Paraxial Approximation
The error associated with the paraxial approximation. In this plot the cosine is approximated by .

In geometric optics, the paraxial approximation is a small-angle approximation used in Gaussian optics and ray tracing of light through an optical system (such as a lens).[1][2]

A paraxial ray is a ray which makes a small angle (?) to the optical axis of the system, and lies close to the axis throughout the system.[1] Generally, this allows three important approximations (for ? in radians) for calculation of the ray's path, namely:[1]

${\displaystyle \sin \theta \approx \theta ,\quad \tan \theta \approx \theta \quad {\text{and}}\quad \cos \theta \approx 1.}$

The paraxial approximation is used in Gaussian optics and first-order ray tracing.[1] Ray transfer matrix analysis is one method that uses the approximation.

In some cases, the second-order approximation is also called "paraxial". The approximations above for sine and tangent do not change for the "second-order" paraxial approximation (the second term in their Taylor series expansion is zero), while for cosine the second order approximation is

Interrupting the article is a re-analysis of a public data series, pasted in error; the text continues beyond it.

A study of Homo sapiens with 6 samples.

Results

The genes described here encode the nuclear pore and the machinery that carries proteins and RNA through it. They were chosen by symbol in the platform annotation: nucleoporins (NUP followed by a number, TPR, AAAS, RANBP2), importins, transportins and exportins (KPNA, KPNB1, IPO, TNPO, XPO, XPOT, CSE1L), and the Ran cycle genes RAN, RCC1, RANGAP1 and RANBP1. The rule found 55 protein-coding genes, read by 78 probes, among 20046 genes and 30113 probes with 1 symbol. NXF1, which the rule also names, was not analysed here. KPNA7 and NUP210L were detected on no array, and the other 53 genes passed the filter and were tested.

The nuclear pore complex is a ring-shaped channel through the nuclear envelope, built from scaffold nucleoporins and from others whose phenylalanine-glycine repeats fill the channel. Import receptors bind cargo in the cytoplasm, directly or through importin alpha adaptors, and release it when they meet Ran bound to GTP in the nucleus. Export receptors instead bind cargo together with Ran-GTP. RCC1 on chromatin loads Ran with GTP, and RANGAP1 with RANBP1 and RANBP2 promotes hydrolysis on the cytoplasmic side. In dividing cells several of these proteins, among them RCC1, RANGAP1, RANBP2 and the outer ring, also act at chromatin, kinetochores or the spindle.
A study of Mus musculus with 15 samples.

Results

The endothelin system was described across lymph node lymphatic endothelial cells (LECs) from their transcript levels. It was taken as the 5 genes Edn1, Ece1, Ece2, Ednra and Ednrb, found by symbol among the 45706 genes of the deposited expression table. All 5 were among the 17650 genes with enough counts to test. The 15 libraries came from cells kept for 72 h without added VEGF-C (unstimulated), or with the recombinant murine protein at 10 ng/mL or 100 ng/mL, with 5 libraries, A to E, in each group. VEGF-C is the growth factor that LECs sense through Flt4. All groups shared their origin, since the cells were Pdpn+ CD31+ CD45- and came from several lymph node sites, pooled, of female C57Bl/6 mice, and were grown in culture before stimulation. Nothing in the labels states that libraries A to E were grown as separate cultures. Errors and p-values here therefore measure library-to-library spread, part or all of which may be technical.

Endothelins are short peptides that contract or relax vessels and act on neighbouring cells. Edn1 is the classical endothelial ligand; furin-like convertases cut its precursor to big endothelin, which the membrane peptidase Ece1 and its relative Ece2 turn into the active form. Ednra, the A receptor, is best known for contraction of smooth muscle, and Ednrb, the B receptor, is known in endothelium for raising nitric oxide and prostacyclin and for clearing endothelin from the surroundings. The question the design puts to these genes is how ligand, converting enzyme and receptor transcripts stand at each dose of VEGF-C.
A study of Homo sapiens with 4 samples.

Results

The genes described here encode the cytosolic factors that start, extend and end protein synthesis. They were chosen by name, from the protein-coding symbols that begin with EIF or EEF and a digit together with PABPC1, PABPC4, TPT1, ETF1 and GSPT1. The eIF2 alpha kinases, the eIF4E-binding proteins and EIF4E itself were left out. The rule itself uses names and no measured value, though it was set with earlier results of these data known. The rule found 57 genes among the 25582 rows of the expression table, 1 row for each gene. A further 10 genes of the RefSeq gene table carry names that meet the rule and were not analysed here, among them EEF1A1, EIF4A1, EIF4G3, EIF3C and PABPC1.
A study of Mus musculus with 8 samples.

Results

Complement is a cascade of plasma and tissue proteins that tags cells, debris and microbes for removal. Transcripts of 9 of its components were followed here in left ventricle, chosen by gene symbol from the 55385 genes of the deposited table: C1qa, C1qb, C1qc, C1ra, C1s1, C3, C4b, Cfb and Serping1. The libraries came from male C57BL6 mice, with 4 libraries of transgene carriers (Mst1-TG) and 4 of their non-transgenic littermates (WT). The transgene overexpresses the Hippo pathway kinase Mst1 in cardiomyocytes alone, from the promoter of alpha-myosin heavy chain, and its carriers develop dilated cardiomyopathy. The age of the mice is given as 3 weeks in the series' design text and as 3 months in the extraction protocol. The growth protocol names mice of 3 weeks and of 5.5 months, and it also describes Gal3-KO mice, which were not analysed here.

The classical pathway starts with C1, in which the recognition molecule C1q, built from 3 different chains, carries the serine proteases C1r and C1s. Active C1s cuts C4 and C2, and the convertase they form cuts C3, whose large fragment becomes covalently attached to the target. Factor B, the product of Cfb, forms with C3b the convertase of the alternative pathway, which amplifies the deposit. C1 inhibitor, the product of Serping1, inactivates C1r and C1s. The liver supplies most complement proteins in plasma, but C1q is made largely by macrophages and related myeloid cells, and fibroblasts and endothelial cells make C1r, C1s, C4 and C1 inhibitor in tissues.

${\displaystyle \cos \theta \approx 1-{\theta ^{2} \over 2}\ .}$

The second-order approximation is accurate within 0.5% for angles under about 10°, but its inaccuracy grows significantly for larger angles.[3]

For larger angles it is often necessary to distinguish between meridional rays, which lie in a plane containing the optical axis, and sagittal rays, which do not.

References

1. ^ a b c d Greivenkamp, John E. (2004). Field Guide to Geometrical Optics. SPIE Field Guides. 1. SPIE. pp. 19-20. ISBN 0-8194-5294-7.
2. ^ Weisstein, Eric W. (2007). "Paraxial Approximation". ScienceWorld. Wolfram Research. Retrieved 2014.
3. ^ "Paraxial approximation error plot". Wolfram Alpha. Wolfram Research. Retrieved 2014.